First flight of Arkisys to demonstrate the Universal Interface Adapter

PARIS — Arkisys, a Southern California startup developing robotic infrastructure for in-orbit commerce, announced Sept. 21 plans to conduct a spaceflight demonstration of a key technology.

In 2023, Arkisys plans to launch Applique, a universal interface adapter designed to connect any spacecraft payload, using a variety of common interface standards and protocols. Funding for the mission comes from the Pentagon’s Defense Innovation Unit, which granted Arkisys $17.5 million in other transaction authorizations in 2020 for a range of projects.

“It’s a system-on-chip design, which allows us to connect any external payload to the inner workings of our port,” said Dan Lopez, Chief Strategy Officer of Arkisys. SpaceNews. “You can connect a robotic arm, a multispectral camera, a synthetic aperture radar instrument, energy, solar panels to anything: propulsion, launchers for small or cubesats, metal recycling.

Arkisys designed Applique after discussions with companies focused on various elements of in-orbit servicing, including refueling, robotic arm manipulation, and rendezvous and proximity operations.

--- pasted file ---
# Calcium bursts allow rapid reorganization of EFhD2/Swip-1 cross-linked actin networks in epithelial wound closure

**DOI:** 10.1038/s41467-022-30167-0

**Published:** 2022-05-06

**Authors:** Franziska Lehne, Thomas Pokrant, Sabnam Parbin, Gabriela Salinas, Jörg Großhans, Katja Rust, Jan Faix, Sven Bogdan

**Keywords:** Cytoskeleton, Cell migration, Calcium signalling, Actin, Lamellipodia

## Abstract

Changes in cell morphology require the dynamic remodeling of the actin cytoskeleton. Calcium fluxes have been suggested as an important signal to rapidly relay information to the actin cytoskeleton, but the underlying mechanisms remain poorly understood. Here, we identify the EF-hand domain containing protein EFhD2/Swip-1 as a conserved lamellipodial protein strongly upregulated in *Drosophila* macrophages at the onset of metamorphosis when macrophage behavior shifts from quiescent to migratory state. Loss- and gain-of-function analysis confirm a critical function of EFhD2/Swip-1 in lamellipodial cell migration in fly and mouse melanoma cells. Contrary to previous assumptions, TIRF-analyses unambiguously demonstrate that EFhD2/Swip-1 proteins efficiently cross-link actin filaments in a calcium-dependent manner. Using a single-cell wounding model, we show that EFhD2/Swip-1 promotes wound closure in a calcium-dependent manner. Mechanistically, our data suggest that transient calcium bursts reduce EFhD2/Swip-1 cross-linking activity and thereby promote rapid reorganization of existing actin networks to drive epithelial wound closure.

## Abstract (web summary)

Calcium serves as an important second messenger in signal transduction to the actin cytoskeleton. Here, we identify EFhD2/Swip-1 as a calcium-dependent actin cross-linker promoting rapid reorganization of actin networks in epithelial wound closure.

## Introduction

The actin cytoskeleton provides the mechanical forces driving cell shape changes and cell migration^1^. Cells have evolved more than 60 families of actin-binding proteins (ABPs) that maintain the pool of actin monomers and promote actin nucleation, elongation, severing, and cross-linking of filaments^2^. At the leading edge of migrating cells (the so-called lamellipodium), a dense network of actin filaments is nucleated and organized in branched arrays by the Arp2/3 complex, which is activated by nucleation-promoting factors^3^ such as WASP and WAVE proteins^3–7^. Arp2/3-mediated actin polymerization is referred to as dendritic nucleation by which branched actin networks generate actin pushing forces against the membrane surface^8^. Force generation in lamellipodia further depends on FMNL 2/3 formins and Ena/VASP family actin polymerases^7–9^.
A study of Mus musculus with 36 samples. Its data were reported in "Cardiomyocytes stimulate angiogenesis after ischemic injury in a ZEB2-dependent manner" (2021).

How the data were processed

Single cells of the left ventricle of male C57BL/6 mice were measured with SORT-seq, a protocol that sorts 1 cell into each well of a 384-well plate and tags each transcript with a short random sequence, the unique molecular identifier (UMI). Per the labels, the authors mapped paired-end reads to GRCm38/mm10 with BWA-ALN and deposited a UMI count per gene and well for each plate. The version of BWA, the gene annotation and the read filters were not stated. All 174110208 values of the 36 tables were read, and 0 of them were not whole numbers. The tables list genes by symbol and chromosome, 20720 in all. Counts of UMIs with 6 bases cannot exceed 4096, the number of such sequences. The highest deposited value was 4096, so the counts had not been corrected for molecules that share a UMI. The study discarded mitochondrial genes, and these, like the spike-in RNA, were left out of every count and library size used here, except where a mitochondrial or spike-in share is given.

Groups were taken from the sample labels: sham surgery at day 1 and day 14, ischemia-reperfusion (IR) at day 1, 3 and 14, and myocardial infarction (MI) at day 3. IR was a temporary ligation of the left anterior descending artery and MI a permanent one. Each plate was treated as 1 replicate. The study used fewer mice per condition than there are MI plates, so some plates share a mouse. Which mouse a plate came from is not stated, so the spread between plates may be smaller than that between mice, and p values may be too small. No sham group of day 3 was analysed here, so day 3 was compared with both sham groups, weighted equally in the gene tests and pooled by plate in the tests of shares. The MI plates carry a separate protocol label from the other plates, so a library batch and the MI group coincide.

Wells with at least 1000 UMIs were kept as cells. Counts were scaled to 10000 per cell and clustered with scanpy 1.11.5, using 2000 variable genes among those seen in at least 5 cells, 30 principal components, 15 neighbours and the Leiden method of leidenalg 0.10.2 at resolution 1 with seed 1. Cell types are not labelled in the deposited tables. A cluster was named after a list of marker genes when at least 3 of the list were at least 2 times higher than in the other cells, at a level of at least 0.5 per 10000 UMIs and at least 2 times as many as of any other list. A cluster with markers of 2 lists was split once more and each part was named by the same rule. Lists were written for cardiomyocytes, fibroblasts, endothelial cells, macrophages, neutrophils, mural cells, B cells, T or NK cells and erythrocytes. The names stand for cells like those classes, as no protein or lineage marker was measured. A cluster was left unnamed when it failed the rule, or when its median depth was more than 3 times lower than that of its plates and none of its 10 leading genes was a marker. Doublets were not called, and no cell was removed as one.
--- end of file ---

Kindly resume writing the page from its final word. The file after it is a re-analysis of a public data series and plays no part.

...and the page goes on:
In addition to securely connecting payloads on Arkisys Port Module platforms, Applique is an integral part of the company’s Digital Twin, which Arkisys is also developing with support from DIU.

Arkisys was founded in 2014 by former UrtheCast vice president Dan Lopez and David Barnhart, director of the Space Engineering Research Center at the University of Southern California. The company develops standard port platforms to serve as connection points for commerce in low Earth orbit.

To ensure that client payloads can connect to the port, Arkisys created a digital twin. Before customers send payloads into orbit, they receive an Applique device, which they use to remotely connect to the cloud-based Digital Twin via a secure connection.

The virtual link ensures that Arkisys is ready to integrate the customer’s payload into the port once it reaches orbit, Lopez said. “That’s the way to speed things up,” he added.

When developing the interface connector, Arkisys worked with Germany’s iBoss Space and Novawurks of Los Alamitos, California, companies that have developed hardware and software interfaces for space applications.

“Everything we work on is meant to scale, while being simple and easy for customers to integrate, encouraging and accelerating innovation on many levels,” said Rahul Rughani, System Engineering Manager at Arkisys, in a press release.